Endorsement e-mails between Fischer, Green - WDRB 41 Louisville News

Endorsement e-mails between Fischer, Green


By Bennett Haeberle WDRB-TV Fox 41 News   bhaeberle@fox41.com

LOUISVILLE, KY (WDRB) -- Independent candidate Jackie Green agreed to drop out of Louisville's mayor's race and endorse Democrat Greg Fischer so long as he could have "significant input" in one of Fischer's cabinets.

Republican Hal Heiner called the move "wrong" and released an attack ad Tuesday calling the deal reached between Fischer and Green "the worst kind of politics."

The ad claims Fischer engaged in dirty politics by negotiating with Independent Jackie Green to drop out of Louisville's mayor race.

Emails released between the Fischer and Green campaigns show both sides essentially tried to work out language for a press release announcing Green's decision to bow out of the race.

Green said he met with Fischer twice last week, once at the Galt House and again at Quills Coffee in the Highlands.

Emails between to the two camps show Green agreed to drop out of the race if Fischer would adopt more of Green's philosophies or if Green was given "significant input" over Fischer's Office of Sustainability.

Green writes if the deal isn't reached, "the three candidate race continues."

During an interview Tuesday, Green said Heiner's attack ad is misguided.  "His campaign is going to embarrass themselves. Again there is no quid pro quo, there is no job, there is no deal -- there is no gun let alone a smoking one."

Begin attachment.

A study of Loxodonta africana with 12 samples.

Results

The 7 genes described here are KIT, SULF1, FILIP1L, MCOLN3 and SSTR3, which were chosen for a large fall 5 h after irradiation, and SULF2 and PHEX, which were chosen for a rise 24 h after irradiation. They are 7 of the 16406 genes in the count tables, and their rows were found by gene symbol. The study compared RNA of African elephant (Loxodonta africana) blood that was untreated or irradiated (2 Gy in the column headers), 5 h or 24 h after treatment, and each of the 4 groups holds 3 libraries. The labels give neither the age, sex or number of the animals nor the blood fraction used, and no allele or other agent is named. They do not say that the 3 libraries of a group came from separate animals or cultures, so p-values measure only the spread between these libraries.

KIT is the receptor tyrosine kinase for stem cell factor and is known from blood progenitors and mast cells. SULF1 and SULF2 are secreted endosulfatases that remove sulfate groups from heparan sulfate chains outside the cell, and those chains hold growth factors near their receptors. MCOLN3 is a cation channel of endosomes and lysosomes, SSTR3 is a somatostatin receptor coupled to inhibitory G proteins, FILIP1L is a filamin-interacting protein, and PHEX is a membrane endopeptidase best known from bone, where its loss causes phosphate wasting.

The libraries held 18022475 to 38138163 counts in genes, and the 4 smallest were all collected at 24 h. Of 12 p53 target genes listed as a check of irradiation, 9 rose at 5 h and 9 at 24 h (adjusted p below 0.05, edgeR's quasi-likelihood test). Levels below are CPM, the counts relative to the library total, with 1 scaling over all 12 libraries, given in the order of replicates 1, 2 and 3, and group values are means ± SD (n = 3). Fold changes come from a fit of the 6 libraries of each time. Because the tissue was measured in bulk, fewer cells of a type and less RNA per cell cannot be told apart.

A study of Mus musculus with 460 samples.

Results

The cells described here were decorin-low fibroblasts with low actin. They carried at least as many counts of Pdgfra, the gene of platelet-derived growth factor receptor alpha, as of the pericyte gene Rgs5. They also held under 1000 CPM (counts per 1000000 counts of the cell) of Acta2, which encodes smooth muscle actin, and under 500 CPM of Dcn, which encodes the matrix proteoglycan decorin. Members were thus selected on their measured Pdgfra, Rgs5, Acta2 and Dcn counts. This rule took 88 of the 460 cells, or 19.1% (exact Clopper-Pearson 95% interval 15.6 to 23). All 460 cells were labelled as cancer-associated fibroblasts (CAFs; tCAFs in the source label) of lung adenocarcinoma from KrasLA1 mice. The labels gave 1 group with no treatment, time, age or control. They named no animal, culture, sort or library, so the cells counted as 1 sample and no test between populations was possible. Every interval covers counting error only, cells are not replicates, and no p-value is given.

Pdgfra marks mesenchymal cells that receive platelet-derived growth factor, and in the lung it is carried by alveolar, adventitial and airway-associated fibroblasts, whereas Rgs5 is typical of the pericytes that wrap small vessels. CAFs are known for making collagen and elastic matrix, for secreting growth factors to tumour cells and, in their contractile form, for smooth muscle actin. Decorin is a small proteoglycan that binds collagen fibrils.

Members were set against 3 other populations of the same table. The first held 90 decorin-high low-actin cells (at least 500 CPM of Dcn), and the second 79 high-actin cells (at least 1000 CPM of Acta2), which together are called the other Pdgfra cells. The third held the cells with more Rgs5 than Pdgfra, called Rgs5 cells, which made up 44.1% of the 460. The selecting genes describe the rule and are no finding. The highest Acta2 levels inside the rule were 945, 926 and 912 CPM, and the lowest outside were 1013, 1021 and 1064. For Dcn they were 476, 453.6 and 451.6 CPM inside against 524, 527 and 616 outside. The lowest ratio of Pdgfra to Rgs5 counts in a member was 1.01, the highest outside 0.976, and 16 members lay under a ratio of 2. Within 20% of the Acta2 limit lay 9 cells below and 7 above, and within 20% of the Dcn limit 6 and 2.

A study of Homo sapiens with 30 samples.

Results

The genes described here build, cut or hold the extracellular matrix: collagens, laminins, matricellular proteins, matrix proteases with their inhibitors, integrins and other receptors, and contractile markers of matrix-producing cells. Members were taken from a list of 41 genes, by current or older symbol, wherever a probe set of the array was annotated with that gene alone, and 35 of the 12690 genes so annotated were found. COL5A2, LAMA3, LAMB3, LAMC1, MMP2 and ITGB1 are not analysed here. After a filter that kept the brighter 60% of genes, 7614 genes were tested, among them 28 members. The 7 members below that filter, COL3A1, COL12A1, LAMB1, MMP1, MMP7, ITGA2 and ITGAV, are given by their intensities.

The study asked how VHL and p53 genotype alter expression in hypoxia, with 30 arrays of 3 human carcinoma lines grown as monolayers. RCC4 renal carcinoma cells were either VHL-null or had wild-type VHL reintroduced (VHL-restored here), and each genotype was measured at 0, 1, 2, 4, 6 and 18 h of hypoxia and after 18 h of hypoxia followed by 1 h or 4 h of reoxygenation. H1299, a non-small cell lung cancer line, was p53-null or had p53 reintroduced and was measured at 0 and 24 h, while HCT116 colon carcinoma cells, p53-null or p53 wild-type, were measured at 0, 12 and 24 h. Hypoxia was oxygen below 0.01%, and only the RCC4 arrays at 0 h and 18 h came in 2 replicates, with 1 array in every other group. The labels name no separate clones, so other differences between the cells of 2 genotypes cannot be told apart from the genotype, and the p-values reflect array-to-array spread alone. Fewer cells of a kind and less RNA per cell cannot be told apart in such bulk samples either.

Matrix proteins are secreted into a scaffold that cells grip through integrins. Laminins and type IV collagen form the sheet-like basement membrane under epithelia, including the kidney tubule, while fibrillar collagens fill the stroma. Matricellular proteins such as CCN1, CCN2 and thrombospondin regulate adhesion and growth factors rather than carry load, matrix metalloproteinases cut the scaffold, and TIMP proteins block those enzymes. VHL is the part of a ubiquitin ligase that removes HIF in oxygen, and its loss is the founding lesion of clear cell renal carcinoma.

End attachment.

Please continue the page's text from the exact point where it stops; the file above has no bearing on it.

Green denies that he was guaranteed any "job" but did say he could see himself working for Fischer's administration.

"I could. I could. That depends on how that office is structured. What kind of authority that office is given," Green said he would have to be in a position to answer directly to Fischer.

Heiner said a Metro department should not be traded for an endorsement.

Green says he told Heiner of his plans to drop out last week. "Hal said 'we want you in the race,'" said Green.

Heiner repeatedly denied that the conversation took place.  "Maybe a conversation on an elevator," Heiner said. When asked if anyone from his campaign had encouraged Green to stay in the race, Heiner said: "No. No."

Chris Poynter, Fischer's spokesman, said the emails "demonstrate that Green asked for the world and Greg said 'No.'"

In the end, a deal was reached: Fischer gained an endorsement and Green gained the promise of influence.